Editor's Note: With 40 days left until the presidential election, PolicyMic's Audrey Farber will be posting a daily update on the state of abortion rights in the U.S., covering legislative challenges to Roe v. Wade in all 50 states. So far, we've gotten updates on Pennsylvania, Delaware, New Jersey, New York, Connecticut, Vermont, Massachusetts, Rhode Island, Maine and New Hampshire. Check back in every day to keep track!
Two weeks ago, Virginia's Board of Health effectively shut down existing abortion clinics in the state, reversing its June decision regarding whether or not hospital-style regulations should be applied to the clinics. A protestor outside the meeting commented, "You talk about the Arab Spring. Well, we’ve got the same thing going on here.”
While politicians deny that their personal beliefs have anything to with the decision, a peek into the state of abortion rights in Virginia reveals a different picture, especially when contrasted with neighboring Maryland.
True blue Maryland, which the New York Times’ FiveThirtyEight blog has going for Obama in November, is privileged to be home to idiosyncratic 6th district Congressman Roscoe Bartlett. Earlier this month, not long after Akin’s biology lesson, Bartlett took to the numbers to profess that “very few pregnancies result from rape … or incest.”
If only Bartlett had been my statistics professor, I might have gotten better than a C: “compared to the usual abortion, what is the percentage of abortions for rape? ...in terms of the percentage of pregnancies, percentage of abortions for rape as compared to overall abortions, it’s a tiny, tiny percentage.”
Since women seeking abortions due to pregnancy from rape is apparently such a small number, Bartlett is free to pursue the real culprits: “the large number of women choosing sex selection abortion.”
Bartlett has a history of backing anti-abortion legislation in the U.S. House. He was a co-sponsor of the Sanctity of Life Act in 2007, 2009, and 2011, as well as of HR 3, also known as the No Taxpayer Funding for Abortion Act. Bartlett has enjoyed support from a largely conservative district in Western Maryland since 1992 elections. However, recent redistricting has left him with a more liberal voter base, and the pro-choice libertarian and Democrat challenging his incumbency will likely have a better shot since the district now includes Montgomery County, “one of the nation's bluest.”
Pro-equality, pro-choice second-term Governor Martin O’Malley (O’Malley 2016?) with the support of Maryland’s Democratic state legislature will likely maintain the status quo in Maryland: access to public funding and parental notification for minors.
Maryland stands in stark contrast with its south-of-the-Potomac neighbors in Virginia, who have been battling anti-choice legislation for the last several months.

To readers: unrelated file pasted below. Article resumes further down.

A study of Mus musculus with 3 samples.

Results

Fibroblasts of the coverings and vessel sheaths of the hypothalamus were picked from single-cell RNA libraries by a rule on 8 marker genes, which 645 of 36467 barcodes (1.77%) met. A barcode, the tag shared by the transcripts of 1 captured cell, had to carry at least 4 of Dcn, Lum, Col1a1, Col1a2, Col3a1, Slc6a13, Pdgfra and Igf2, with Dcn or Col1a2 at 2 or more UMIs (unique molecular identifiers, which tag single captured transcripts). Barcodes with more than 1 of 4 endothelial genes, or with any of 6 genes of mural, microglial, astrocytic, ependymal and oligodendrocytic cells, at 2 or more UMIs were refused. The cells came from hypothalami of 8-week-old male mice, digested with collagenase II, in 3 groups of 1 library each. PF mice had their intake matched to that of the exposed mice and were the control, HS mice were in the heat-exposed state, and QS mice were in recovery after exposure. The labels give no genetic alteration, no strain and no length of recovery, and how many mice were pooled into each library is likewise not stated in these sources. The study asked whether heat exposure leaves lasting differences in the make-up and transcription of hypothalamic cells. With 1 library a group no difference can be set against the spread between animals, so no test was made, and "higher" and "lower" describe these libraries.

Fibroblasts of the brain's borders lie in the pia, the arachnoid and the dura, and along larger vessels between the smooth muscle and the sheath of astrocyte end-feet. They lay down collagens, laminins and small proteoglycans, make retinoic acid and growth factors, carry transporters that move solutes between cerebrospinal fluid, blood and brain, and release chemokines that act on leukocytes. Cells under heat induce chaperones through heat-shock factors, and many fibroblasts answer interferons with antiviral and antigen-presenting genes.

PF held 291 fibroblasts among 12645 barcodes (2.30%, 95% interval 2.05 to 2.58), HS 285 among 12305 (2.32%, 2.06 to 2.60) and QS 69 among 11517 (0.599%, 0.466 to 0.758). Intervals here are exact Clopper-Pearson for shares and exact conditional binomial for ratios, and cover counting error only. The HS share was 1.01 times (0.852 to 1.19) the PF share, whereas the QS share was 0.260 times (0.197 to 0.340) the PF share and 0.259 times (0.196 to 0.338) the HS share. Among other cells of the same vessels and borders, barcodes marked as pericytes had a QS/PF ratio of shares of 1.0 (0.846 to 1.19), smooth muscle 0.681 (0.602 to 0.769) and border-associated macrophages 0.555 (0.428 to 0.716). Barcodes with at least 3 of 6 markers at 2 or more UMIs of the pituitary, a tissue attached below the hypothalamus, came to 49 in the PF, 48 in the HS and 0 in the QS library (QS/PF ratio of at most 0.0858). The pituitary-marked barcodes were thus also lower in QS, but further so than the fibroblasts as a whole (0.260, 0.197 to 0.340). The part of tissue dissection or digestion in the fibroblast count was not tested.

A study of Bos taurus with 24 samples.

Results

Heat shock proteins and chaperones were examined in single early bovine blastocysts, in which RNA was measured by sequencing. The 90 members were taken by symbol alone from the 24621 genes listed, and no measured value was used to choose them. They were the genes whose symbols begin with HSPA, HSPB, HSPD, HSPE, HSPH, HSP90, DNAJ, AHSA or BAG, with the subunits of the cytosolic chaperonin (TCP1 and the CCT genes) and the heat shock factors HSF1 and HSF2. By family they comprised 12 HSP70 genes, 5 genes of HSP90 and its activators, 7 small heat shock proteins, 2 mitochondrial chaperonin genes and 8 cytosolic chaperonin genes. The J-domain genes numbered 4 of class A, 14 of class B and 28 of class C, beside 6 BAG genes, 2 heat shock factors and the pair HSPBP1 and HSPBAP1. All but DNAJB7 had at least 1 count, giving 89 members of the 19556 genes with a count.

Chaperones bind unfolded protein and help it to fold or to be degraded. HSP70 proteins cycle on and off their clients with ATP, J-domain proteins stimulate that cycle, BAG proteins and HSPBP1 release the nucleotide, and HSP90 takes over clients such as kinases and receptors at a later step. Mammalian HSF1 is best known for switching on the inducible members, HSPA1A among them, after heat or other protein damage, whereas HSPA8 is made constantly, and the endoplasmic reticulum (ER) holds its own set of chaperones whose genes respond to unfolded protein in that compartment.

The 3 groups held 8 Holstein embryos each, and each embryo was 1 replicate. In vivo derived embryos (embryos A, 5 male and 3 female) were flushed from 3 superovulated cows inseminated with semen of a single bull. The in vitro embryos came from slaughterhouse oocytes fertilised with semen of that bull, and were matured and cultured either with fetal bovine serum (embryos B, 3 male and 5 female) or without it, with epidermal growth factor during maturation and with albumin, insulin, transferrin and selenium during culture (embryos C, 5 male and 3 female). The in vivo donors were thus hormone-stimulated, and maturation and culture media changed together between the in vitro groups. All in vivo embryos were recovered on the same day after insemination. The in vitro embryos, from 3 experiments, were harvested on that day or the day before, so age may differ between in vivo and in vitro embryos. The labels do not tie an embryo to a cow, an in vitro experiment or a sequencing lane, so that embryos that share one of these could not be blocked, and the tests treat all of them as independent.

Just about a week ago, the Virginia Board of Health decided that abortion clinics be held accountable to similar building standards as hospitals, which in some cases could “force their closure due to the costs of remodeling.” Earlier in the year, it looked as though clinics would be exempted from this rule, but thanks to financial bullying by the state’s Attorney General, Ken Cuccinelli II, the clinics were ultimately included. Daily Herald editor Randy Wright accuses Cuccinelli of using his office as “a blatantly partisan bully pulpit to attack Obamacare, illegal immigrants, homosexuals and climate-change scientists,” and now of forcing “most of the commonwealth's 20 or so abortion clinics to close.”
Watch out, women of Virginia: Cuccinelli is running for governor in 2013. His platform on the issue now known as “life” is a what’s-what of recent Virginia anti-choice legislation. Cuccinelli might be a major political impetus behind these bills, but Governor Bob McDonnell and the Republican-dominated State House aren’t arguing.
In addition to the building restrictions, there was: the bill that died in the State Senate “that would have prevented poor women whose fetuses have gross mental and physical abnormalities from using state funds for abortions”; the dead-in-the-Senate personhood bill; the transvaginal ultrasound bill which passed even the evenly-split State Senate but was signed by Republican Governor McDonnell only after being amended to require abdominal ultrasounds due to an outpouring of protests; a ban on partial-birth abortion; and the addition in 2009 of a “Choose Life” license plate.
How is this happening?
Cuccinelli is a bully: a March 2012 Quinnipiac University poll tells us that voters in Virginia disagree 52 - 41 with the ultrasound law, and 72% of Virginia voters say “government should not make laws which try to convince women seeking an abortion to change their minds.” Wow. What happened to democracy?
Virginia is now one of the most restrictive states in the nation regarding anti-choice policies. Women in Virginia must obtain parental consent if they are minors, must undergo counseling and a 24-hour waiting period, and have extremely limited access public funding. In 2008, 54% of Virginia women lived in a county without an abortion provider, and Cuccinelli is working hard to make that number skyrocket.